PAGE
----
This is the fifth in a series of posts from Miroslav Volf, author of A Public Faith: How Followers of Christ Should Serve the Common Good, titled “Values of a Public Faith: A Contribution to a Conversation.”
Value: War is almost never justifiable, and every successful justification has to show how a particular war is an instance of loving one’s neighbors and loving one’s enemies.
Rationale: “You have heard that it was said, ‘You shall love your neighborand hate your enemy.’But I say to you, Love your enemies and pray for those who persecute you, so that you may be children of your Father in heaven; for he makes his sun rise on the evil and on the good, and sends rain on the righteous and on the unrighteous. For if you love those who love you, what reward do you have?”(Matt. 5:43–46).
Debate: There is a legitimate debate about whether acts of war can ever be a form of love of neighbor and of enemy and, if they can, about what causes justify war (rule of a tyrant?) and what constitutes just conduct of war (drones?).
Questions to Ask: Has the candidate supported or advocated ending unjust wars in the past? Has the candidate condemned significant forms of unjust conduct of war?
Value: We should never torture. It dehumanizes both the detainee and the interrogator by violating the dignity of the one and degrading the integrity of the other,  and it erodes the moral character of the nation approving it. (For a definition of torture, see http://www.hrweb.org/legal/cat.html.)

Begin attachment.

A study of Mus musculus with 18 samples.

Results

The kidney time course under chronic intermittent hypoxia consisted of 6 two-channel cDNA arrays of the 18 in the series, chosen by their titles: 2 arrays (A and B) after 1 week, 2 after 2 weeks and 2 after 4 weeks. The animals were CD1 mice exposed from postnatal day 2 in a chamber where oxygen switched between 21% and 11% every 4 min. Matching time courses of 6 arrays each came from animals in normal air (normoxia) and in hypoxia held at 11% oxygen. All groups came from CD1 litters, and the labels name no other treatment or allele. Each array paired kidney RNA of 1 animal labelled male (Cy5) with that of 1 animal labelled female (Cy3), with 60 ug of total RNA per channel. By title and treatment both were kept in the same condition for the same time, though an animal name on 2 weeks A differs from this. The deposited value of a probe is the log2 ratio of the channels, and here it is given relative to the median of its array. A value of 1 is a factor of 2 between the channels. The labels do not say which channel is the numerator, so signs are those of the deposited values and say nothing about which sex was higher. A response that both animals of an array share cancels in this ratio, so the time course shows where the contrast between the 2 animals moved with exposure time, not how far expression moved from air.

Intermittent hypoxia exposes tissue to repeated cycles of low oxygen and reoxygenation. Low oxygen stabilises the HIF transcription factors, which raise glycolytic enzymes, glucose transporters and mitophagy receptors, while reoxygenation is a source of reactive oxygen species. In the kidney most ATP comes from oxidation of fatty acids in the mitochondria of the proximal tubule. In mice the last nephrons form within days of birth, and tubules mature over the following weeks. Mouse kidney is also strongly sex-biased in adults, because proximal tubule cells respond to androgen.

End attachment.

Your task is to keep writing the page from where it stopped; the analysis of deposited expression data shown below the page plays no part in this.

Rationale: “Love your enemies” (Matt. 5:44). “Do not be overcome by evil, but overcome evil with good” (Rom. 12:21).
Debate: There is no debate on this one—at least not a debate that, from my reading of Christian moral obligations, is legitimate. Even if torture were effective (which, according to most knowledgeable sources, it is not), it would be morally unacceptable.
Question to Ask: Has the candidate unequivocally condemned the use of torture?
17. Honoring Everyone
Value: We should honor every human being and respect all faiths (without necessarily affirming them as true). As citizens, we have the right to mock another religion, but as followers of Christ, we have a moral obligation not to.
Rationale: “Honor everyone” (1 Pet. 2:17).
Debate: The debate about one’s relation to other religions should not be whether we have the right to mock what others hold to be holy; we do have that right. At the same time, the debate should not be about whether we have a moral obligation not to make use of that right; we ought not mock what other people hold to be holy. Instead, the debate should be about what the authentic teachings and practices of individual religions are, to what extent the claims of their teachings are true (or false), and in what ways each religion fosters (or hinders) human flourishing.
Question to Ask: Will the candidate promote respect for all religions, including Islam, while at the same time affirming the need for honest debate about how true and salutary they are?